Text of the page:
Is Moses Moody the New York Knicks’ trade-up target?

Everything Moses Moody did in the last few years was to get closer to his NBA dream.

Now that he’s on the NBA doorstep, he feels confident with the preparation he did to meet the challenge.

“I’ve been playing basketball for as long as I remember. NBA has always been a goal my whole life. That’s been the why to a lot of things I did — the workouts, waking up early, even just doing the right thing,” Moody said during his NBA Draft media availability Friday.

In 2019, he joined what many viewed as the most talented high school team at Montverde.

He played alongside Cade Cunningham, the projected top overall pick of this class, Scottie Barnes, and Day’Rone Sharpe.

“That team was great. It was a lot of fun. Those are my guys. We got good relationships. This was always a dream, a goal for all of us,” Moody said.

“With the network I have and the group of friends, we’re just pushing each other to be great.”

After learning to play off the ball in a star-studded Montverde team, he joined Arkansas and became the Razorbacks’ go-to guy in a memorable Elite Eight run in the NCAA tournament.

Moody led Arkansas in scoring and finished third in the SEC with 16.8 points per game on a 43/36/81 shooting split. More importantly, he led the Razorbacks in plus-minus at +309. Clearly, Moody impacted winning as one of the only three NCAA freshmen who averaged over 15.0 points and 5.0 rebounds.

Moody was the clear-cut best player on a college team stacked with veterans that essentially played an NBA system.

Arkansas head coach Eric Musselman has NBA pedigree. Musselman learned the ropes from his father Bill then he grew into his own man coaching the Golden State Warriors and the Sacramento Kings.

Musselman’s staff have held various NBA jobs. Keith Smart, a former NBA player, was an assistant coach with the Knicks under David Fizdale before he joined Musselman at Arkansas. Clay Moser was an advanced scout in the NBA and a former D League head coach.

“I do feel like that gave me a little bit of headstart playing in that system with a lot of pro coaches. Everybody has really been advanced when it comes to that aspect,” Moody said.

At Arkansas, Moody learned NBA terminologies. He conducted himself like a pro immersing in analytics coaching, advanced stats and film breakdowns much like he would encounter in the next level.

Last year was an introduction to the NBA. Now, he is ready to take the actual test. But on which team? That’s still being debated and will be known on Thursday.

“If they draft Moses Moody, I feel like they’re getting a versatile player that can play on both sides of the ball and help, in many ways as possible, to win games,” Moody said. “There are no point blanks, there are no periods to what I can do. I feel like I can do whatever my coach wanted me to do. I’m fluid and I can adapt to any situation.”

When he was young, Moody was always the lanky tall kid who dreamed of being Kevin Durant. Now with a size (6’4.5 without shoes) shorter than Durant, he has learned to adapt.

He said he picks up different things from different players like his midrange game from Bradley Beal, CJ McCollum.

But what will separate him from Beal and McCollum is he realizes his potential to become a better two-way player than them in the next level.

Moody’s wingspan of 7’0.75, tops among guards in this draft, gives him a headstart in that category.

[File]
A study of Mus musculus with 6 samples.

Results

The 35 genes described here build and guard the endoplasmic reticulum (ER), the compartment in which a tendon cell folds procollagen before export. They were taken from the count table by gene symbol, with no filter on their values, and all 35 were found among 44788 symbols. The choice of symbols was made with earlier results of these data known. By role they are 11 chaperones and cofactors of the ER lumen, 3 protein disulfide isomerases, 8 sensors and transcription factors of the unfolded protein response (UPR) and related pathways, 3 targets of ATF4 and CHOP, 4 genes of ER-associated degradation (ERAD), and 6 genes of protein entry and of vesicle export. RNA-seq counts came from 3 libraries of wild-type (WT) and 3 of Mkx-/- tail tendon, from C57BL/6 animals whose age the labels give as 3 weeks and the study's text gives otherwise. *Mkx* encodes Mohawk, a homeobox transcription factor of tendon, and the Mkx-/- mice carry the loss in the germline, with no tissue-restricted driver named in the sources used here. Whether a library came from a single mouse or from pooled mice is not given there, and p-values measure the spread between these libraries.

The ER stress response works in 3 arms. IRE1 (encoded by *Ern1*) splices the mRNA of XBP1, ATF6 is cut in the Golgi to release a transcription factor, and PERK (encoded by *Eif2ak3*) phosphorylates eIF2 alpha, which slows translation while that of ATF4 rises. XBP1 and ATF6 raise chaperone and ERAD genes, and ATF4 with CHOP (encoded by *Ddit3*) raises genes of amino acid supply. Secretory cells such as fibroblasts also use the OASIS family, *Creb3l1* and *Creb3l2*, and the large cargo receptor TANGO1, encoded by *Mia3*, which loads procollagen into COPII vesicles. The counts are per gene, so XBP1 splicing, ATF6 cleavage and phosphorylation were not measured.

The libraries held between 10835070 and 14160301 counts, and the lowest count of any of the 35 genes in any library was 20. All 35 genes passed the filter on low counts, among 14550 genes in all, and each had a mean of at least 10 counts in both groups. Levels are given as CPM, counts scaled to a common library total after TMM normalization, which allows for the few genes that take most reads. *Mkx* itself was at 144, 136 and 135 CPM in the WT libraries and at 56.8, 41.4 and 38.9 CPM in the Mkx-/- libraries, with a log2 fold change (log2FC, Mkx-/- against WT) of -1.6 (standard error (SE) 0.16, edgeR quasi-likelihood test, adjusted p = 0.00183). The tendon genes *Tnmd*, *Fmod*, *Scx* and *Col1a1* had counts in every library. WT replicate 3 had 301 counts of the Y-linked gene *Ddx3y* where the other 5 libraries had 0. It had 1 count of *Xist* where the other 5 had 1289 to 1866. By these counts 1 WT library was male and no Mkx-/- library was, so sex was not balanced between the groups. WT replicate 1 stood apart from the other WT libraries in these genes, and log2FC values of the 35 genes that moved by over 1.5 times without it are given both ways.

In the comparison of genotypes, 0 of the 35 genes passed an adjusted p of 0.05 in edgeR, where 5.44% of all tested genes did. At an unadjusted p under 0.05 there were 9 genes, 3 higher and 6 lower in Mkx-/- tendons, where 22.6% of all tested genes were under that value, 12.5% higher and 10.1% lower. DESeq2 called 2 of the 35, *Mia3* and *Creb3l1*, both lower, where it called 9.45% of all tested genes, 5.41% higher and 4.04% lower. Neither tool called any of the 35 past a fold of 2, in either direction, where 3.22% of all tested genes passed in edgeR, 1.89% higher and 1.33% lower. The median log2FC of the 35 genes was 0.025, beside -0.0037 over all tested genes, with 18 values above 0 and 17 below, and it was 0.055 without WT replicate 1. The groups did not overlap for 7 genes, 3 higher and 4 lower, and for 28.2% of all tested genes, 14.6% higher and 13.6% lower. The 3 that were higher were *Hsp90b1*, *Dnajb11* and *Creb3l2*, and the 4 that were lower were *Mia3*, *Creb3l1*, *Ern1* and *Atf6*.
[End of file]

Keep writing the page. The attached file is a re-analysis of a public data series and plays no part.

“I just like to learn and acquire knowledge,” Moody said.

If Moody got a headstart to NBA introduction, one NBA team also enjoyed a headstart when it comes to intel on the Razorbacks’ star wingman.

Musselman’s early years in NBA coaching under his father coincided with Tom Thibodeau’s. Musselman and Thibodeau forged a friendship that could come to fore as the Knicks are looking for wings and shooting in this draft.

Moody, Musselman’s best player at Arkansas last year, perfectly fits that role. But it’s unsure if Moody will still be there when the Knicks select at 19th and 21st in the first round.

Maybe Moody is a target as the Knicks are reportedly looking to trade up or it could be a smokescreen.

Moody said he hasn’t been invited to a workout yet in New York though he met Thibodeau and the Knicks’ front office at the Draft Combine in Chicago.

“We had a really good meeting. I got to know a lot of guys in the front office as well as coach [Thibodeau]. It was a really great interaction, and I got a good feel for their system and their plan for the team,” Moses said.

The Knicks’ surprising playoff run last season was anchored by Julius Randle’s growth to an All-NBA player and RJ Barrett’s leap as a sophomore.

Moody could see himself playing in between them as their two-guard with Barrett sliding to small forward.

“They really had a good team as you guys saw this year,” Moody said. “Shooting is one thing — a translatable skill that I can bring anywhere I go. And other than that, I can play off the ball, with the ball in my hand, create for others and I will just add offensive help to the team as well on the defensive end.”

Everything Moody did up to this point is to realize his NBA dream.

From winning a state championship in Little Arkansas to going on a 25-0 run at Montverde with future NBA elite talents and finally, getting NBA coaching from Arkansas, Moody went through a lot of different environments to grow himself into one of the most complete prospects heading into Thursday’s NBA Draft.

“You’ve got to be different to make it to the NBA. If you want different results, you have to do something different along the way,” Moody said.

That’s exactly what he did.

Follow this writer on Twitter: @alderalmo

This article first appeared on Empire Sports Media and was syndicated with permission.